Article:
What You Need to Know About the Train More Nurses Act

In 2021, over 91,000 qualified nursing applications were rejected from undergraduate and graduate nursing programs due to insufficient numbers of educators, clinical sites, classrooms, clinical preceptors, and budget.

With the average Registered Nurse age at 52 years old in 2020, the nursing shortage is expected to compound by 2030. After the pandemic, thousands of frontline nurses chose to leave the industry as well, leaving facilities who rely on these critical professionals reeling from the lack of available talent. Add the proposed staffing mandate into the mix and skilled nursing facilities across the country could cross into the red in their ledgers.

Recognizing this need, the Train More Nurses Act has been proposed into legislation. Read on to learn more about this proposed bill, along with how it will impact skilled nursing facilities if it were to be signed into law.

What is the Train More Nurses Act?

The Train More Nurses Act (S. 2853) is a bill that was introduced in late 2023 by Senators Jacky Rosen (D-NV), Mike Braun (R-IN), and Susan Collins (R-ME). It is a bipartisan bill that was unanimously passed by the U.S. Senate on Jan. 24, 2024 and is currently in the U.S. House of Representative for consideration. The bill has the explicit support of AHCA/NCAL as it will directly support endeavors to ease the nursing shortage that is hindering the long term care sector.

What is the goal of the Train More Nurses Act?

The intended goal is to require the Secretary of Health and Human Services and the Secretary of Labor to analyze and report on grant programs that have been created to support the nursing workforce. Basically, supporters of the bill want to review existing nursing grant programs for additional approaches to increase faculty at nursing schools with a particular focus on underserved areas. The bill also seeks to create supplementary pathways for Licensed Practical Nurses (LPN) to further their careers by becoming Registered Nurses (RN).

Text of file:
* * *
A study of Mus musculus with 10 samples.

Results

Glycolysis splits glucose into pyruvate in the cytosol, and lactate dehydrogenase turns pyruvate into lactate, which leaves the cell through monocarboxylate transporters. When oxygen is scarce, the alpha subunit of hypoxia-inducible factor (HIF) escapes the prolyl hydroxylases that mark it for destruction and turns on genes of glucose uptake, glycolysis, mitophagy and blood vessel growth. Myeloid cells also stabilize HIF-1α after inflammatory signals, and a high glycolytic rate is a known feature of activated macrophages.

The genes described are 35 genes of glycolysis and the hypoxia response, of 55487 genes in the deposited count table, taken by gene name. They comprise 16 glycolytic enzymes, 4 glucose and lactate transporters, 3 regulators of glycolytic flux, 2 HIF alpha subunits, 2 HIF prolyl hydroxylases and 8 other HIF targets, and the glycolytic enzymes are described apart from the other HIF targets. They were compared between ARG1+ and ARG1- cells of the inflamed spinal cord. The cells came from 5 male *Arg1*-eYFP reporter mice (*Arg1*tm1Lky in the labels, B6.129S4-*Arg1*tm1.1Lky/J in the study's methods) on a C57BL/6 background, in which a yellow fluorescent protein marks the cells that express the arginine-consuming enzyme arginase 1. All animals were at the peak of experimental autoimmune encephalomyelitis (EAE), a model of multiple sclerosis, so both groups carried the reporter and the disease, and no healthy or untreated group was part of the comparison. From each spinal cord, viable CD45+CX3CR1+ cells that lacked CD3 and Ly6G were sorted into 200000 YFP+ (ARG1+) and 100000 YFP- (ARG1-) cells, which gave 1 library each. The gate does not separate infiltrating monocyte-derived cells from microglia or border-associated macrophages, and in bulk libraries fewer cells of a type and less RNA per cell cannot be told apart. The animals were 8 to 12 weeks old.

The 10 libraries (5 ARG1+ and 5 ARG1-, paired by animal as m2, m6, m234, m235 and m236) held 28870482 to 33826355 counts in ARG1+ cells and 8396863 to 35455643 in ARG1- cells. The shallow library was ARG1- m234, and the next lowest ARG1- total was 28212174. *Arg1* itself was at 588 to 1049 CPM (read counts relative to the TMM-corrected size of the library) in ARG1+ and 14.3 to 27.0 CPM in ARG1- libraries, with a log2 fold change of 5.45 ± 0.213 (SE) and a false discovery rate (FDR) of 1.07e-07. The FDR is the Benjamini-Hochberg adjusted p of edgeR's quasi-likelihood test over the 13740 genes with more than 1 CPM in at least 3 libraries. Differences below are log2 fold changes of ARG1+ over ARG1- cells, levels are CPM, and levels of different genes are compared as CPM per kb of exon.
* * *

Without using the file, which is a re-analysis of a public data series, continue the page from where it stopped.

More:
How the Train More Nurses Act would impact long term care facilities

The requested report that the Train More Nurses Act would cover three primary areas of focus. If passed, the bill requires that the report include recommendations to make the following three outcomes reality, as these most directly impact nursing faculty levels.

Increased faculty at nursing schools

Overall, the bill wants to find ways to get more educators in schools in underserved communities. This influx of educators would allow more opportunities for students to enroll in nursing courses at once while increasing the number of graduates available for employment. 

With healthcare talent in such short supply, increasing the number of educators instructing courses should have a direct impact on the amount of nursing talent available in underserved communities to help long term care facilities in sourcing the talent they need for optimal patient outcomes.

Additional career pathing for experienced nurses to become educators

A secondary goal of this grant review bill is to create additional opportunities for experienced nurses to further their careers by becoming educators themselves. The premise is that by creating additional chances for nurses with relative experience to become educators, increasing the overall faculty at nursing schools would be made that much easier since there would be a wider pool of educator talent to recruit from.

Once again, long term care facilities would benefit from this change due to the increased number of healthcare professionals that emerge from these instructional courses. If you have more educators, you have more classes and more classes means more graduates trained to provide great patient care.

More opportunities for licensed practical nurses to become registered nurses

Finally, the third leg of this bill would require reviewers to provide supplementary career pathways for LPNs to become RNs. In a lot of ways, LPNs are very similar to RNs but they don’t have the same gravitas that the latter exudes. As another way to increase the population of potential educators, allowing for LPNs to achieve their RNs in other manners than the traditional way will help alleviate some of the strain that the nursing shortage has placed on healthcare organizations across the country.

For long term care facilities, the benefit here is that the LPNs they already employ can advance easier to RNs, allowing them to source talent internally for vacant RN positions. For rural communities or ones where healthcare talent is hard to find, this can really be a boon for hard to recruit positions that are facing fierce competition from other healthcare organizations.